Today's MediaGuardian has David Hepworth comparing Monocle and Conde Nast's new US launch Portfolio, two new magazines aiming for the afluent business person. He concludes Monocle should be a TV show, and gives Portfolio a better chance of survival because it appeals more directly to the vanity of its potential readers. Read the piece here.
In case you haven't seen a copy yet here are some pages from the $150m Portfolio.
Naturally, it's a very American design, lots of devices and detail that from a European perspective are over-fussy. The need to look aspirational and upmarket seems to have confused the designers – there are lots of rather self-coscious 'classical' elements like double rules around features (below).
The launch issue feels almost unready, as if the many different components haven't quite gelled yet. There are lots of single-page openers to features to accomodate, which makes the pace uneven. Here are a couple of spread openers:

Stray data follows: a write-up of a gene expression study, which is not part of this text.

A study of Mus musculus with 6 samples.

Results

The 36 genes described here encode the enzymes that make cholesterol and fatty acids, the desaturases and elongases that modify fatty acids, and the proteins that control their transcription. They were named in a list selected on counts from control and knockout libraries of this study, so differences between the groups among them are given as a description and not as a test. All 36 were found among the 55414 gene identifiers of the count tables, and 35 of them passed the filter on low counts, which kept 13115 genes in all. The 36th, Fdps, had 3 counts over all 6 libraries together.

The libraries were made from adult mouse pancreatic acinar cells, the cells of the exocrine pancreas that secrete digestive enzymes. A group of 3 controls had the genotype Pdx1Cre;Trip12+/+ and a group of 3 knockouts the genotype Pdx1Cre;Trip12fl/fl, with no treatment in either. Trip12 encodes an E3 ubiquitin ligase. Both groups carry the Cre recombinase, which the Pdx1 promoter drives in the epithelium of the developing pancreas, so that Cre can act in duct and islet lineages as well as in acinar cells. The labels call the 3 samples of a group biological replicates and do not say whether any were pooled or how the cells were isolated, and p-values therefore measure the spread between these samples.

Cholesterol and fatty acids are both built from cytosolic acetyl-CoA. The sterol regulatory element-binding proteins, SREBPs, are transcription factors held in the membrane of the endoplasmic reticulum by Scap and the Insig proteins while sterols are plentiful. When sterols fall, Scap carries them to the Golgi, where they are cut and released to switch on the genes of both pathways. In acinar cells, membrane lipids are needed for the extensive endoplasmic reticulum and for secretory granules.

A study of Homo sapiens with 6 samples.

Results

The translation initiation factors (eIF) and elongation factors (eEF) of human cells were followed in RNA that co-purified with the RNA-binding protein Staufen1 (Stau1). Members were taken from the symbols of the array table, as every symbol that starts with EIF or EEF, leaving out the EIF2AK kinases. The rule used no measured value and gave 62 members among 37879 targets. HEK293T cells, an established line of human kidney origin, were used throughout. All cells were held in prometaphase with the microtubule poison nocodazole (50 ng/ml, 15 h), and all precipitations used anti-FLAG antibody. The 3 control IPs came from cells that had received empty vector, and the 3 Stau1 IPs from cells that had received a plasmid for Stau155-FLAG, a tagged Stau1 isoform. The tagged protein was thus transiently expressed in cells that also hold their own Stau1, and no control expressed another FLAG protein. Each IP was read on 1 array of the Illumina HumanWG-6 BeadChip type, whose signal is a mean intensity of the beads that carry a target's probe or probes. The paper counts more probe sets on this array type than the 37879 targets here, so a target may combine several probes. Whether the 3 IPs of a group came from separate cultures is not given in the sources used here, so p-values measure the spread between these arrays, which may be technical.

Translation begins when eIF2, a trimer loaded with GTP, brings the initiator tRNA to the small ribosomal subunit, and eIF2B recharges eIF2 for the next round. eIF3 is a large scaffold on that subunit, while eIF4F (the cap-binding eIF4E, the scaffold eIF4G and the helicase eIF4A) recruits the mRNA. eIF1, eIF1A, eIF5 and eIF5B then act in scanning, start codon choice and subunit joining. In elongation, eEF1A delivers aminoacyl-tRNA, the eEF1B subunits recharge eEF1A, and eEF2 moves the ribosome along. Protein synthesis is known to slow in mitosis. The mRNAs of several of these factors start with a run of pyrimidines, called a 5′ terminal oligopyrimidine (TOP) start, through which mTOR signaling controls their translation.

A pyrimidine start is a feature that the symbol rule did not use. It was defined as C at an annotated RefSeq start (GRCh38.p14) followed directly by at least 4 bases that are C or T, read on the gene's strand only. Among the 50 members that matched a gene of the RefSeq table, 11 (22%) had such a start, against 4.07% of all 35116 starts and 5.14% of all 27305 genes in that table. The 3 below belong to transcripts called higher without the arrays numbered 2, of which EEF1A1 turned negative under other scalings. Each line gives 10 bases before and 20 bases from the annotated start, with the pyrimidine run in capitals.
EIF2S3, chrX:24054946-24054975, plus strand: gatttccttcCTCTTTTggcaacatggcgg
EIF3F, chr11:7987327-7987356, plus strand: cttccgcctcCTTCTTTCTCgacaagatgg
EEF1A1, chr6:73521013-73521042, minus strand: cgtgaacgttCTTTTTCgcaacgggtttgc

A lot of the devices involve loose panels of yellow tint with parallel rules, as below, which give the pages a rather uncomfortable, if efficient, visual identity. (Another example can be seen floating on the left page of the Olympics spread, top). Overall, it feels too unstructured and certainly not aspirational enough, despite a clearly enormous photo budget.
The one element I really like is the way the same yellow tint is used to create a box to the pull quote, below. I wouldn't expect it to work but it does (ignore the run-of-the-mill type!):
Like all new magazines, Portfolio is worth a look, but I expect more from subsequent issues. Interestingly, Conde Nast aren't planning a second issue until September, from when it goes monthly. Lets hope they take advantage of that time to develop the design.